Behind the Setting Sun

Seven bits of deep background to the proposed newspaper divorce

 Illustration by Jesse Sutherland

Illustration by Jesse Sutherland

Curious about the backstory to the ongoing soap opera involving our two daily newspapers, the Las Vegas Sun and Las Vegas Review-Journal—and what cliffhangers could be looming? You’re not alone. Here are seven things to ponder in connection with the much-publicized potential end of the papers’ joint-operating agreement:

• We tend to forget how twisted the history is. Before it was the Las Vegas Sun, it was the Free Press, a response to then-R-J publisher Don Reynolds locking out the typesetters union. In 1950, Hank Greenspun turned it into the Sun and made his product different: the Sun took on the R-J’s sacred cows, especially Senators Joseph McCarthy and Pat McCarran. But while the two sides blistered one another—Greenspun once accused Reynolds of having “the morals of the head skull crusher at a Chicago slaughterhouse,” while Reynolds called Hank “Vermin Greenscum”—they worked together if they agreed a news story might, say, incite violence or be a blemish on Las Vegas. Both also fought against a reporters’ union. Thus, even amid the feuding, the interests of the R-J and Sun occasionally meshed.

• This battle inspired recollections of the Valley Times, Las Vegas’ third daily paper from 1975 until its closure in 1984. Yet both the Sun and the Times were generally in the red. The latter died, and the former survived only with the JOA. One sign of the Valley’s growth and maturation, for better and worse, can be found in witnessing an unprofitable business trying to survive by seeking help from friends, by shifting money from other, more profitable ventures, and by prayer.

• The giants behind the two papers in their heyday had different spending priorities. Reynolds spent less on news than he could have, but always made sure his presses were top-quality, while Hank Greenspun didn’t. And Greenspun invested outside the Sun—in land and other ventures that diverted some of his attention from his newspaper—while Reynolds concentrated on media.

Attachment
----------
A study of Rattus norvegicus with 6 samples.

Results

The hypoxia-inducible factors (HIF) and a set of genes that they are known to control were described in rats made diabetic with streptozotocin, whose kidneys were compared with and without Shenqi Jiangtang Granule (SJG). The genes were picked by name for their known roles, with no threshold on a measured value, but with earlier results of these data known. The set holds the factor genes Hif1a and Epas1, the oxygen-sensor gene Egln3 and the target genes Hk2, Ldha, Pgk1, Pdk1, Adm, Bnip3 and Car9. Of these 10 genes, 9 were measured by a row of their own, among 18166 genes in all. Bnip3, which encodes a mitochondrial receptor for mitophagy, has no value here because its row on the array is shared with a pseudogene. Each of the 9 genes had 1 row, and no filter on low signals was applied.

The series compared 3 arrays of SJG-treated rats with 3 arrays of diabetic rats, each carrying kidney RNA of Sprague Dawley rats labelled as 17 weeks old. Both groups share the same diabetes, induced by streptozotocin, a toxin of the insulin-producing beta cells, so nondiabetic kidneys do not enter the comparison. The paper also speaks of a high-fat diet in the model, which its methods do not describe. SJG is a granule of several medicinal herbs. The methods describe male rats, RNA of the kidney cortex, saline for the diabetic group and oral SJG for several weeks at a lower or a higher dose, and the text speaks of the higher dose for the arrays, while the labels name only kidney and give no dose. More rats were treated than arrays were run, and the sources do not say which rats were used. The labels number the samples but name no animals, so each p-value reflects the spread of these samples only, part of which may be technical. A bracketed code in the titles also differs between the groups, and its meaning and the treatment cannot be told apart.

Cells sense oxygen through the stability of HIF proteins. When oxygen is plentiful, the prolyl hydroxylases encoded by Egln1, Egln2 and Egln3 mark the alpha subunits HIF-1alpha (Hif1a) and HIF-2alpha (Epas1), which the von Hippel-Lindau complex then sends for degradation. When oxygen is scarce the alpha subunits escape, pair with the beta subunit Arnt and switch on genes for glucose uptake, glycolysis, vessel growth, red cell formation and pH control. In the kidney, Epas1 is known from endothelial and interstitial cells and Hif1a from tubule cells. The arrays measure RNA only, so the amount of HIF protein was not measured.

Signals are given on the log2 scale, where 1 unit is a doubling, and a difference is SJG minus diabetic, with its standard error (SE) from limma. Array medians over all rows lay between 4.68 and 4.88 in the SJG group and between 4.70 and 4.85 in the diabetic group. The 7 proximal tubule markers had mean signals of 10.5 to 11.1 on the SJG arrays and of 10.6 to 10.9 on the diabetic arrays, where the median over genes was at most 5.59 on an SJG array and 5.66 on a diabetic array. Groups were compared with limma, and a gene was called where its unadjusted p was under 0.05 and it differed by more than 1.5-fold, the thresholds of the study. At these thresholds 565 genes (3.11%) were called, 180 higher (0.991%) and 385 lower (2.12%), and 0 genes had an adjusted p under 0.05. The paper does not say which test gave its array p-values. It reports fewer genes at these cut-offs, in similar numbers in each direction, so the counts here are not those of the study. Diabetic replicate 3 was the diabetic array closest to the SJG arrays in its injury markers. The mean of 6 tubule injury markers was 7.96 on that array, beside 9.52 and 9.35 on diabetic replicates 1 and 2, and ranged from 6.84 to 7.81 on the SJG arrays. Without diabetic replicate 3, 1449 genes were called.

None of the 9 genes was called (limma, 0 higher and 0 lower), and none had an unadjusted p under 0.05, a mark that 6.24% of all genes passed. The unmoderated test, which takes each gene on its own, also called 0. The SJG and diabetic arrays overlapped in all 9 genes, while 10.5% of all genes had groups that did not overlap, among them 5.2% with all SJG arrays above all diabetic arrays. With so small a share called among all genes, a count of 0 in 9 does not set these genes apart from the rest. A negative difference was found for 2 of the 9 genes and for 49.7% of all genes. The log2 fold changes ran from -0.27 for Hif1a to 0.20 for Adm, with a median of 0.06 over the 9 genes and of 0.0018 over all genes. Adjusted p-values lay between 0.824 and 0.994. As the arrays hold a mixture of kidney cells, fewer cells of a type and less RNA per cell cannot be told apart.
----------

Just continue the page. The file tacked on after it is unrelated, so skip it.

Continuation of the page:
• The mob may have played a role in the development of the two papers—and not just because Hank Greenspun chose the newspaper over working for Moe Dalitz at the Desert Inn. In 1963, the Sun’s building burned. Tom Hanley, a longtime thug for the mob and the Culinary Union, among others, claimed responsibility after Greenspun insulted him. By then, the R-J had begun to pull away from the Sun, which survived, but the expense involved and the cost in momentum made it nearly impossible to catch up. Did the Sun’s eventual downward spiral begin here?

 Illustration by Jesse Sutherland

Illustration by Jesse Sutherland


• Once upon a time, the surest way to cause indigestion at the R-J was to spread rumors that money from outside Las Vegas was about to invest in the Sun—especially when the Greenspuns’ partner in their cable television company was the then-parent company of the Los Angeles Times, which was rumored to be interested. Sun Publisher Brian Greenspun’s outside connections make that kind of infusion a possibility now, and perhaps a necessity, since the family corporation’s losses during the Great Recession have contributed to the current instability.

• Family squabbles are not uncommon in the media business. With Brian Greenspun squabbling with his three siblings, who are willing to walk away from the paper, it’s worth remembering other dynastic media tragicomedies, such as the one that saw the Chandler family sell the Los Angeles Times, which has had financial problems almost ever since. At The New York Times, Sulzberger family members are taught from birth that The Times comes first, that it’s a family obligation. But they’re the exception, definitely not the rule.

• Diversity matters. When either side bemoans the loss of a “voice,” remember, Las Vegas has many respected media voices besides the R-J and Sun, but they’re mostly weekly or online. A print daily may seem irrelevant in the age of news stories appearing online before they land on paper. But if you think of a newspaper not as a paper, but as a news-gathering organization, you begin to realize that, across the nation, a great deal of online conversation starts with the work of newspaper reporters. And if you’re a person—or a society—dependent on news, it’s a matter of simple math: Two daily voices are better than one.


Michael Green is a professor of history at the College of Southern Nevada.